Earlier this year, the Obama Administration submitted to Congress a draft Authorization for the Use of Military Force (AUMF) against the Islamic State in Iraq and Syria (ISIS). President Obama, like President Bush before him, has claimed authorization for military activities to combat terrorism under a previous AUMF passed on Sept. 14, 2001 and dedicated to combating those responsible for the 9/11 attacks (the wars in Afghanistan and Iraq were authorized under a separate AUMF). The emergence of IS and the simple passage of time prompted a re-examination of the terms of the prevailing AUMF. However, the White House and Congress each have reasons to pantomime action on an AUMF without committing to it. They reach beyond the standard legislative gridlock to matters of military strategy, preserving the president’s military authority, and simple partisan politics. Many observes see a new AUMF as unlikely politically or unnecessary constitutionally. Were it to happen, there is reason to consider framing it in a different way: on a regional basis, rather than against a specific military threat.
Start with the analysts who see a new AUMF as unnecessary. Max Boot, a conservative military historian, argues that U.S. military actions on executive authority have a long history, dating back to the early 19th Century Barbary Wars. Moreover, the Obama Administration explains that it seeks the new AUMF for reasons that are more propagandistic than constitutional; writing in Foreign Policy magazine, Micah Zenko quotes White House spokesman Josh Earnest’s argument: “It will send a clear signal to our enemies that if there is any doubt in their mind that the United States of America takes this threat very seriously, it will eliminate that doubt.”
Earnest’s quote telegraphs a larger issue: whether or not the AUMF is necessary constitutionally, the debate surrounding it highlights a political need to organize and constrain U.S. military activity. The AUMF debate may be more useful in clarifying policy as a forcing event than an actual AUMF would be in practice.
That debate has been forced, and it has pointed to the complexity of the problem. In January, Army Chief of Staff Martin Dempsey gave in interview outlining broad principles to which a new AUMF should adhere. Gen. Dempsey pointed to the need to avoid constraints on future action in a way that makes identifying and enforcing boundaries around such action difficult. While emphasizing that all military options should be preserved, Dempsey said that “In particular, it shouldn’t constrain activities geographically, because [ISIS] knows no boundaries [and] doesn’t recognize any boundaries – in fact it’s their intention to erase all boundaries to their benefit.”
What Dempsey requests is unrestricted authority to fight ISIS, a non-state actor. Congress’ war powers are designed to be administered against sovereign nations. They have changed as the nature of war has changed. Congress has declared war a total eleven times – all against sovereign nations – and six out of those 11 declarations pertained to enemy countries in World War II. There is no precedent for Congressional declarations of war against non-state actors.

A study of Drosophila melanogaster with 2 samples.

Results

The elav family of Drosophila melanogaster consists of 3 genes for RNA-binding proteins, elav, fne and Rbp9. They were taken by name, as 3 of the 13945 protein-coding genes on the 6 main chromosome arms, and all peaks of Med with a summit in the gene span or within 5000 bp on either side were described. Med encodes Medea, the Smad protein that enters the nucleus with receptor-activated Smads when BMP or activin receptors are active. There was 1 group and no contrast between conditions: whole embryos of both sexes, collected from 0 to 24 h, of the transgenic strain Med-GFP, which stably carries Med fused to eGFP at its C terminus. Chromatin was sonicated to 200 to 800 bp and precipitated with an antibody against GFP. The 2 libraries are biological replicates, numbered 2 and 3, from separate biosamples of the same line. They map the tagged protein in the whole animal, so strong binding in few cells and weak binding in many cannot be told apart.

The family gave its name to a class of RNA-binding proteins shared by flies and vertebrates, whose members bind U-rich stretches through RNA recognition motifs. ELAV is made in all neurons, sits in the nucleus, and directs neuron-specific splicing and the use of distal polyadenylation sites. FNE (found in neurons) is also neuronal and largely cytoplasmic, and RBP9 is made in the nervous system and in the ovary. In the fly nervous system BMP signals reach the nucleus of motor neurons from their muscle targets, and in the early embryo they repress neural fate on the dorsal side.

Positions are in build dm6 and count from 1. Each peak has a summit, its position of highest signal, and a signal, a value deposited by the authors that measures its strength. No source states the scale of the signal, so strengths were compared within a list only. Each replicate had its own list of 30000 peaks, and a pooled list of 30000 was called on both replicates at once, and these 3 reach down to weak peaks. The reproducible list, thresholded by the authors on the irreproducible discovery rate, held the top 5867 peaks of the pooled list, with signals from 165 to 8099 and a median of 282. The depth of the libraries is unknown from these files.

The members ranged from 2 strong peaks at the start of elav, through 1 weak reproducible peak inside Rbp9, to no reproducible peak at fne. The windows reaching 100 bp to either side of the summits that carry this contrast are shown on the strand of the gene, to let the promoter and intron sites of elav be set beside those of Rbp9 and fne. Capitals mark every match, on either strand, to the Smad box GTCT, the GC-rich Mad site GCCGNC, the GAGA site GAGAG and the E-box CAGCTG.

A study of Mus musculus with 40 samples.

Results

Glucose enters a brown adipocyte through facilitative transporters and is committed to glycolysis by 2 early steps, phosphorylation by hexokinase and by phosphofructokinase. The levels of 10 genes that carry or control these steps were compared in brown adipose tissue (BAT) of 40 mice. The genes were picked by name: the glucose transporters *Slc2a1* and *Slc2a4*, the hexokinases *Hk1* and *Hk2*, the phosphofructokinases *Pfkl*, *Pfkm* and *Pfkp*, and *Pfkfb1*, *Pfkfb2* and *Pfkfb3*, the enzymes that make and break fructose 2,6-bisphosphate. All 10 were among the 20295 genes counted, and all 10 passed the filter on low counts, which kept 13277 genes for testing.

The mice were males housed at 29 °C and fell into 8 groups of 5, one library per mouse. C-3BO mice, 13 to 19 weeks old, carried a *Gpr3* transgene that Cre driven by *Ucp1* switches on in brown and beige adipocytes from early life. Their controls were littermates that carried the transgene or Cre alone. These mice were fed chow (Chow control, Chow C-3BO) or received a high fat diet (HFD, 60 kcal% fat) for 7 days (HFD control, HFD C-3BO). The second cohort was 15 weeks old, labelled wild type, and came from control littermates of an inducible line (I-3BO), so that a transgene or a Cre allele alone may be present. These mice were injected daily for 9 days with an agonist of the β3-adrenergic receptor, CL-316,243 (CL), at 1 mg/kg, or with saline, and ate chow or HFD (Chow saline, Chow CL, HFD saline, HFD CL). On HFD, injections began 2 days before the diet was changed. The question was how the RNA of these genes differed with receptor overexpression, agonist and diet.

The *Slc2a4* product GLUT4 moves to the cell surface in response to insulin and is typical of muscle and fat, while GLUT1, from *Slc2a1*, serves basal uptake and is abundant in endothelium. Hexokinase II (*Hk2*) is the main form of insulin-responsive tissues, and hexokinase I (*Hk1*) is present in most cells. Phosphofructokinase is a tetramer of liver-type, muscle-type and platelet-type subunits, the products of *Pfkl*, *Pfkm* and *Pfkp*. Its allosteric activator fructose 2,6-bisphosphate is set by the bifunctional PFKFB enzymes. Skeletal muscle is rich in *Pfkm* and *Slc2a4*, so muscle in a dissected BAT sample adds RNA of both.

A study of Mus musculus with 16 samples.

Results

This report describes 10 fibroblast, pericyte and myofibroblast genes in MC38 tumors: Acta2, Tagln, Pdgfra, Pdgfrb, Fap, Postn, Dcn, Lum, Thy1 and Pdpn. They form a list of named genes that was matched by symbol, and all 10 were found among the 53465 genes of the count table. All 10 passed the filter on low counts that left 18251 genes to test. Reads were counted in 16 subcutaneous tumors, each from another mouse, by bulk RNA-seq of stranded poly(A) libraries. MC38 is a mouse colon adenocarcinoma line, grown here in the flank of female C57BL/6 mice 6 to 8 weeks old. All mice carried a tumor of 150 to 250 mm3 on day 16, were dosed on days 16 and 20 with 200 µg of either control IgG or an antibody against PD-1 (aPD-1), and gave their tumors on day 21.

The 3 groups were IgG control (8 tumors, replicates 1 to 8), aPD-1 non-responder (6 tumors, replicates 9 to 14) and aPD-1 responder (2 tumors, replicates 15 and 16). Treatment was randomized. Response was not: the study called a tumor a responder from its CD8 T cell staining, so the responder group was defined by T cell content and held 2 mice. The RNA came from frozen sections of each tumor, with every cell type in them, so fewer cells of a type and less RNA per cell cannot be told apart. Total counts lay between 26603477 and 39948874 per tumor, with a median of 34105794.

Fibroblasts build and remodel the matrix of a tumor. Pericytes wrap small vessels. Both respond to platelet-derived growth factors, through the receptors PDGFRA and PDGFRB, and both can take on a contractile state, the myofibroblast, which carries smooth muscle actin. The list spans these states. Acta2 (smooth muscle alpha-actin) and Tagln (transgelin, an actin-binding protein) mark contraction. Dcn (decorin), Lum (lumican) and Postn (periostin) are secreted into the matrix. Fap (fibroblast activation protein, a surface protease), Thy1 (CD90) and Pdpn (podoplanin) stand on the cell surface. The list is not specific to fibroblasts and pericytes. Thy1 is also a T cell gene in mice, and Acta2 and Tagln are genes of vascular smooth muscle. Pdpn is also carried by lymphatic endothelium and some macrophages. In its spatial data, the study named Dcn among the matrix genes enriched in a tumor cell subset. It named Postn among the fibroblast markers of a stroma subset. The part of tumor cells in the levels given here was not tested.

A “regional AUMF” would codify the long-standing practice of executive “doctrines” governing U.S. policy towards particular regions. The Monroe Doctrine set U.S. policy in opposition to any foreign intervention into its sphere of influence in the Americas. President Jimmy Carter used his 1980 State of the Union Address to announce that the U.S. would defend its interests in the Persian Gulf by military force if necessary (the “Carter Doctrine.)” These executive statements amount to regional policies governing the use of force that were never codified by Congress, but which nonetheless influenced U.S. policy. Moreover, there is an active precedent for organizing U.S. military and diplomatic activities regionally in the way a regional AUMF would. The State Department has a Middle East and North Africa (MENA) section devoted to countries within that region. The Defense Department assigns the countries of the MENA region to its Central Command. An AUMF organized to address military threats within the MENA region – rather than against a specific actor within that region – would fall within the current logistical framework.
The idea of a regional AUMF presents a major drawback to presidents and generals alike. It infringes on the ability to “pick and choose” which conflicts in a given region merit U.S. action. However, the current debate acknowledges the need for AUMFs to be updated consistently. A three-year “sunset” clause is widely discussed as way to keep its terms from growing outdated. In that sense, each AUMF would be temporary. It would have to be: after all, ISIS did not exist three years ago. Debating new AUMF terms could (as now) lag well behind changing security needs. That may give further ammunition to those who see AUMFs as unnecessary. However, if they focus U.S. regional policy priorities and clarify objectives when America commits to using force, they are worthwhile. Given the lives in the balance on both sides of U.S. firing lines, the stakes merit more concerted attention to U.S. military strategy around the world.